Political Editor


Hegemony decline: ‘ANC won’t win big’ in next year’s elections

ANC's shift towards coalition politics raises pertinent questions about future governance scenarios.


President Cyril Ramaphosa and the ANC must accept that its hegemony has been destroyed and getting a clear majority in elections is a thing of the past, say experts. Political analyst Prof Ntsikelelo Breakfast is the director of the Centre for Security, Peace and Conflict Resolution at Nelson Mandela University. He said the fact that Deputy President Paul Mashatile had approached other political parties to discuss a framework for coalitions was an indication that the ANC had realised it wouldn’t win, or that its majority would be drastically reduced and it might have to govern with a coalition at national…


Political analyst Prof Ntsikelelo Breakfast is the director of the Centre for Security, Peace and Conflict Resolution at Nelson Mandela University.

He said the fact that Deputy President Paul Mashatile had approached other political parties to discuss a framework for coalitions was an indication that the ANC had realised it wouldn’t win, or that its majority would be drastically reduced and it might have to govern with a coalition at national level.

He believes if the ANC’s lucky to retain its majority, it will get between 51%-52% of the vote.

Fellow analyst Sandile Swana said that instead of winning, the ANC was heading for 45%.

ALSO READ: Election claims: ANC ‘hasn’t failed,’ will win without coalitions – Ramaphosa

Struggle to retain the majority

“The idea that the ANC is going to win the election could only happen if it first got tips on how to win an election from Zanu-PF.

“But in the absence of using the same methods as Zanu-PF, the ANC probably has got a minimum 70% chance of not winning the majority in Gauteng. They will struggle to retain the majority in KZN,” Swana said.

The analysts were reacting to Ramaphosa’s assertion that the ANC would win with a majority in next year’s elections.

Speaking to editors and senior journalists on the ANC manifesto review on Saturday, Ramaphosa highlighted various service delivery achievements and made new promises.

They included turning the current R350 grant to the unemployed into a basic income grant for the poor.

But Breakfast said: “I am not sure what there is to review because the ANC never honoured most of those commitments. The reality of the matter is that the president made many commitments in the build-up to the 2019 elections and never honoured most of them.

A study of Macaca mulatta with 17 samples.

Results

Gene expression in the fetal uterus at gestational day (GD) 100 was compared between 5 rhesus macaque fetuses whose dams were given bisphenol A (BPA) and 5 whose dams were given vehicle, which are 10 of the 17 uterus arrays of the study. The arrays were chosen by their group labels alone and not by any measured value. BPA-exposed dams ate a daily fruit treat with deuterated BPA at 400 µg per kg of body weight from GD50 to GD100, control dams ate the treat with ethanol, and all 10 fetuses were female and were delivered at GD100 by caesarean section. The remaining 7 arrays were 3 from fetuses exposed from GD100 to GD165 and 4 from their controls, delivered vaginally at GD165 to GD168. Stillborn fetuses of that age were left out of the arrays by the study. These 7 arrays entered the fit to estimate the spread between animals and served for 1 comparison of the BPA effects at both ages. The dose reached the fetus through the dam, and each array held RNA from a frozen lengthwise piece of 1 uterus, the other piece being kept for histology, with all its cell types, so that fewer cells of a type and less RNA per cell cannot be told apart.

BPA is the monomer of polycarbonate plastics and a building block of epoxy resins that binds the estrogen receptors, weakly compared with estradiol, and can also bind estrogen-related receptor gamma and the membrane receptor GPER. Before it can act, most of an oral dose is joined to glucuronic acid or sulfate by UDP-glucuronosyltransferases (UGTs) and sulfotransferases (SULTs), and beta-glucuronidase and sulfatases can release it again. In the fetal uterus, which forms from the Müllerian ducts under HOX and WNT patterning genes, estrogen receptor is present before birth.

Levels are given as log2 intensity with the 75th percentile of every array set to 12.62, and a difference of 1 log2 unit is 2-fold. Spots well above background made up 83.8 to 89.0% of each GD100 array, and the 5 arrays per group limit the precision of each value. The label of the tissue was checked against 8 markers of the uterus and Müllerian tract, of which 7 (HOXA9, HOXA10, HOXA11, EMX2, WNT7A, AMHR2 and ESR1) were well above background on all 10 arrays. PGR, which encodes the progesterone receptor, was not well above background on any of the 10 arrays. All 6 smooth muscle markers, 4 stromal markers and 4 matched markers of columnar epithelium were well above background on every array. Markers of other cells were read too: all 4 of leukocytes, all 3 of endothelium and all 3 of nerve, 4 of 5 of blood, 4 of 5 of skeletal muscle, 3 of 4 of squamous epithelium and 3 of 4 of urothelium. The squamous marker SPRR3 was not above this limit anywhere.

“For instance, he said the economy would grow and would trickle down and create jobs and it was going to be felt by the poorest of the poor, and that the government was going to address corruption, but things have gone from bad to worse,” he said.

He mentioned the Covid personal protection equipment scandal in Gauteng and the slow pace of service delivery as having “gone against everything that the ANC promised”.

“The reality is that one-party dominance is a thing of the past.

“The hegemony of the ANC has been dealt a serious blow. It wouldn’t have lost its majority in so many municipalities if it was still a dominant force in our politics,” Breakfast said.

New coalition arrangements

The mere fact that Mashatile held negotiations with opposition parties to discuss a new coalition arrangement was due to the ANC knowing it was on the verge of losing its majority or that it was going to be drastically reduced.

ALSO READ: ANC ‘will win’, load shedding intensifies, Parly arsonist rejects psychiatric findings

“This signifies that the ANC is aware it might lose power, otherwise it wouldn’t have arranged such a meeting if it was confident of winning in 2024,” Breakfast said.

He predicted that the ANC’s percentage would shrink as it had been doing in the local government elections.

“If we had a national election in 2021, the ANC would have lost power. That’s a reality. I don’t know if what Ramaphosa said was a self-fulfilling prophecy or what,” he said.

Swana also slammed Ramaphosa’s promises, saying the “ANC should not be taken seriously as the so-called majority party as those days are gone”.

He said the Jacob Zuma and Ramaphosa presidencies were characterised by failed promises and an increased loss of confidence in the ANC by the voters.